Venezuelan government has reported the sanctions against it by the US government to the World Trade Organization, including ones imposed against its controversial cryptocurrency efforts.
While describing the sanctions leveled against the country as biased, the country said the US is infringing on Venezuela’s rights under the General Agreement on Tariffs and Trade (GATT) signed in 1994 and the General Agreement on Trade in Services (GATS).
The coountry cited certain restrictions placed upon “Venezuelan digital currency” transactions. “The United States has imposed certain coercive trade-restrictive measures on the Bolivarian Republic of Venezuela in the context of attempts to isolate Venezuela economically,” the complaint reads.
It would be recalled that Venezuela first announced it was developing a cryptocurrency, the petro, towards the end of 2017. While in 2018, Nicolas Maduro, the country’s president launched it officially as a medium of exchange in several industries within the country, as a way of escaping the US sanctions.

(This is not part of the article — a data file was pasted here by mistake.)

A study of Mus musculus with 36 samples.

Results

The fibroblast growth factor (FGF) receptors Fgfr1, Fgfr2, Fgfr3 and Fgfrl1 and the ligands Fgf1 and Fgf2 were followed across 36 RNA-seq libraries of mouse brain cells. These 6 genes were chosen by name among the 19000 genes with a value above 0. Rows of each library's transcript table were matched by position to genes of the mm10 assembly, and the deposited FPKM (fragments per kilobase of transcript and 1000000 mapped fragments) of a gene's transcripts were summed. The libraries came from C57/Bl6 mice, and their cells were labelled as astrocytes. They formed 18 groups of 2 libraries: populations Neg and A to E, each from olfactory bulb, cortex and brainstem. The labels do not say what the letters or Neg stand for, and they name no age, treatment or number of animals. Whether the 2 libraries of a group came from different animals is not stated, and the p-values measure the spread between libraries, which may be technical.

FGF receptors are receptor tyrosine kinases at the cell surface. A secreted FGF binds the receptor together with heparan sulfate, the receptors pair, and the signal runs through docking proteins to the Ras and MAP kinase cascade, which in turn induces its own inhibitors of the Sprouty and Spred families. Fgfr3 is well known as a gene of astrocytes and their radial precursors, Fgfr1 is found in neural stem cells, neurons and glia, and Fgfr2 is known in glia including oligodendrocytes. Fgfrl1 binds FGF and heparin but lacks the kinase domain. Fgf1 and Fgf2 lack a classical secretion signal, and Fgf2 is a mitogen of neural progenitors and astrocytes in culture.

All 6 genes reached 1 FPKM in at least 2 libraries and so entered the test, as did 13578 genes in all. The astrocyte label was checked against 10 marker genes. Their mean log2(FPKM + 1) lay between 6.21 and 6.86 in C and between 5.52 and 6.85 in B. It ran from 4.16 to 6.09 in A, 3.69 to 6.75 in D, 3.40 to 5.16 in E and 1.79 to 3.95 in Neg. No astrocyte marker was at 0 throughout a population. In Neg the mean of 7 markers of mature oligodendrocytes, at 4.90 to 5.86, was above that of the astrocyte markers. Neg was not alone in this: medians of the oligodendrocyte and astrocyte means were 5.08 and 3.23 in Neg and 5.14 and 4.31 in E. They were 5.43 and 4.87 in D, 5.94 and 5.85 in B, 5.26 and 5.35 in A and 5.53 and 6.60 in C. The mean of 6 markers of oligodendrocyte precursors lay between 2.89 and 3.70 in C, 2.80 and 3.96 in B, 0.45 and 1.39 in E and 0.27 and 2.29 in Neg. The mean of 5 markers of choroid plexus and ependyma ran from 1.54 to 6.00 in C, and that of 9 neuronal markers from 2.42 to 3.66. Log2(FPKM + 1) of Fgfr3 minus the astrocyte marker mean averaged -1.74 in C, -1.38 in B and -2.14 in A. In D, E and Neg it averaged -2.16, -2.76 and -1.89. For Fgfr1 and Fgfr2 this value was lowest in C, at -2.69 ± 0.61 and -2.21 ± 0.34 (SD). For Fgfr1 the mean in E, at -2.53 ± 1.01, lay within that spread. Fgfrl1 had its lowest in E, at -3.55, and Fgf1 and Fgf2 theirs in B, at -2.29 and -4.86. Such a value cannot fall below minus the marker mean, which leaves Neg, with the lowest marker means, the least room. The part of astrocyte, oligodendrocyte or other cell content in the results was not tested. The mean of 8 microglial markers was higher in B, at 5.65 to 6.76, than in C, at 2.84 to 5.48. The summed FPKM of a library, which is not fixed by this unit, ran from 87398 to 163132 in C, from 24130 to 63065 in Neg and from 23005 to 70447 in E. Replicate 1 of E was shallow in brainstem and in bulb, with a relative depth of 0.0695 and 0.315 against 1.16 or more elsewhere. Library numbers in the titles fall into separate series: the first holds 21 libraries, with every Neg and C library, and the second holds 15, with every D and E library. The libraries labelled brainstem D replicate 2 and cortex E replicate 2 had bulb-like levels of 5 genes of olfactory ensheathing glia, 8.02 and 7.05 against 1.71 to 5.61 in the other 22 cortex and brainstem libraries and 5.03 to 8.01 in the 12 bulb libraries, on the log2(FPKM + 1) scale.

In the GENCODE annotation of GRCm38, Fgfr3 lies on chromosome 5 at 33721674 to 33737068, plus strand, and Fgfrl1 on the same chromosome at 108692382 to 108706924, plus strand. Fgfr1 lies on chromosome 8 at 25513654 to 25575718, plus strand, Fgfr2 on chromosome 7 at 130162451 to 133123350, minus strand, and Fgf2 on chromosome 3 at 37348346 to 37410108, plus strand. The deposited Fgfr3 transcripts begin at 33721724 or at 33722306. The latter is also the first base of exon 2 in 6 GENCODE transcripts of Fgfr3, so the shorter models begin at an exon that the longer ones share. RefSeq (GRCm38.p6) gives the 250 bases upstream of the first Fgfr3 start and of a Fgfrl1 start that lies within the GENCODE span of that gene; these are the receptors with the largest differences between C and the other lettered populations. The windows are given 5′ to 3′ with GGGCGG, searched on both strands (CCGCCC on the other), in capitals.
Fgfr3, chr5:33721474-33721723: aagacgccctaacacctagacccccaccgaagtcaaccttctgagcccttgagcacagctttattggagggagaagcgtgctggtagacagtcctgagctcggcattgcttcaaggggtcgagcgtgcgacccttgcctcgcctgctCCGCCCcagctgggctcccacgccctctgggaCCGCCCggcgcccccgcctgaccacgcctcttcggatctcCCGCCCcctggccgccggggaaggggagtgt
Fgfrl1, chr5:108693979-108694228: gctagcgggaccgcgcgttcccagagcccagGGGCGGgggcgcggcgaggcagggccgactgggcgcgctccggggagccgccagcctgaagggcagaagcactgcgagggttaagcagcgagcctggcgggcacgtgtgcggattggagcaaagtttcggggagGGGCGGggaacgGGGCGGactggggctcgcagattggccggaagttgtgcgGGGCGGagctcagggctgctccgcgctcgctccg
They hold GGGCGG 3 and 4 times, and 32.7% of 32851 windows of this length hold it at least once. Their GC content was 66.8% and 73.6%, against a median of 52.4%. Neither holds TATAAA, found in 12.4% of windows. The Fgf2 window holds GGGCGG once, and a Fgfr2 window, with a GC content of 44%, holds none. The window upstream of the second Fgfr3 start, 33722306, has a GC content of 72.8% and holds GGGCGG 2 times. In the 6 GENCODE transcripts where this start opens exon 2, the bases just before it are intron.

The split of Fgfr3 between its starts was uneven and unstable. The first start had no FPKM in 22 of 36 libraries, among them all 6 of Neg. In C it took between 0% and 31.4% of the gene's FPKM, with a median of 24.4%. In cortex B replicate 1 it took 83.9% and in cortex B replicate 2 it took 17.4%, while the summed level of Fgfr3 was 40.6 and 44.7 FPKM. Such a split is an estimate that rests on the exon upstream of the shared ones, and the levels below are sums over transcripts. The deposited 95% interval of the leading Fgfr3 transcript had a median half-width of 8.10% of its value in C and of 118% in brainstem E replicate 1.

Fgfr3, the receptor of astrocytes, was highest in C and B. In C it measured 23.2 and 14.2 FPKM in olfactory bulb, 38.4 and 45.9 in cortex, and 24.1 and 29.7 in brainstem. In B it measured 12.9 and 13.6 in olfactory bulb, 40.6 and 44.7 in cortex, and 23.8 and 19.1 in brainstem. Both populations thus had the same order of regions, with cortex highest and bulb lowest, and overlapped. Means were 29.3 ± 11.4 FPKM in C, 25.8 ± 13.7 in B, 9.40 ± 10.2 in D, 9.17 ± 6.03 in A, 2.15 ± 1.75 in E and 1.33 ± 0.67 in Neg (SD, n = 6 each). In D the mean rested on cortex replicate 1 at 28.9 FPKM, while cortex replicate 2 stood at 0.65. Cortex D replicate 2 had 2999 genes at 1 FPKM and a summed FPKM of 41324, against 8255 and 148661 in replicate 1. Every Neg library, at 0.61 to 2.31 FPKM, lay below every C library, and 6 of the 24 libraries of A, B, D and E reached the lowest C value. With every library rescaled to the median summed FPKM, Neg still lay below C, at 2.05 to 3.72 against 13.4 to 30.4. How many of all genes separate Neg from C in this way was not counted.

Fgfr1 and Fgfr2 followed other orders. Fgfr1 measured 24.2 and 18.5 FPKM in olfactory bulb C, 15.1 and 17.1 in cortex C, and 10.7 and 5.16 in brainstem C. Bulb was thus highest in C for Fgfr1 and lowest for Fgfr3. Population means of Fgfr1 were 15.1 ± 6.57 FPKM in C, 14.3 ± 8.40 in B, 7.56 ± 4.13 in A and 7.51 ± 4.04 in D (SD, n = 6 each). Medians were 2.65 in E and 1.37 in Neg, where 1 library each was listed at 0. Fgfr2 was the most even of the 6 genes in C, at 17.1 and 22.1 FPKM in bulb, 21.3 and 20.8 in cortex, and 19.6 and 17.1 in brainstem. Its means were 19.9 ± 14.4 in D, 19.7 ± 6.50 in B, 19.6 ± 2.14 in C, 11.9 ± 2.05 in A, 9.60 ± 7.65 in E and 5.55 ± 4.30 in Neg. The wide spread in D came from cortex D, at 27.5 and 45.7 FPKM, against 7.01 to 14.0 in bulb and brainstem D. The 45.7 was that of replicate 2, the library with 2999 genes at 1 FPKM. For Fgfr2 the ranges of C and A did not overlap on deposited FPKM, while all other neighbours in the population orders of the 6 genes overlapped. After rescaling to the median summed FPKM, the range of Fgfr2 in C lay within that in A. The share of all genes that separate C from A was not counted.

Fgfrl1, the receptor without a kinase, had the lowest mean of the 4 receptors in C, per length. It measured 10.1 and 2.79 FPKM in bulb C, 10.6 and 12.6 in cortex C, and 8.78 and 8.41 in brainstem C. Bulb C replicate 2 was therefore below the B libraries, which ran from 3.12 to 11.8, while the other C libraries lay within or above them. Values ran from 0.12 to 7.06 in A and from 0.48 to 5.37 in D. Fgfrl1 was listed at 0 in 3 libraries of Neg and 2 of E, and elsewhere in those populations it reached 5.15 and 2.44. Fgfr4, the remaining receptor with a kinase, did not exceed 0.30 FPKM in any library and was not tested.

However, the controversial token has auffered some setbacks particularly from U.S. lawmakers, who have denounced the cryptocurrency, and more strongly by President Donald Trump, who signed an executive order targeting the petro last March.
According to Venezuelan government, who are not fighting back, saying the sanctions are “discriminatory coercive trade-restrictive measures.” The report futher explains, the steps taken by the US, means Venezuelan financial services and financial service suppliers would receive “less favorable” treatment than services and suppliers in other WTO member nations.
For that reason, such measures are in violation of Article II:1 of the GATS, which states that no member nation will treat another member less favorably than any other nation, according to Venezuela. The complaint goes on to say:
“Furthermore, inasmuch as digital currencies originating in the United States are not subject to the same prohibitions as Venezuelan digital currencies, the United States is according less favorable treatment to Venezuelan financial services and service suppliers than to like domestic financial services and service suppliers, in violation of Article XVII:1 of the GATS.”
Article XVII:1 says member nations will not treat financial services and service suppliers of other nations less favorably than they treat such providers in their own nations.
According to Reuters, the U.S. has 60 days to respond to Venezuela’s complaint. Failute to do so, Venezuela can then ask the WTO to decide on the complaint’s merits.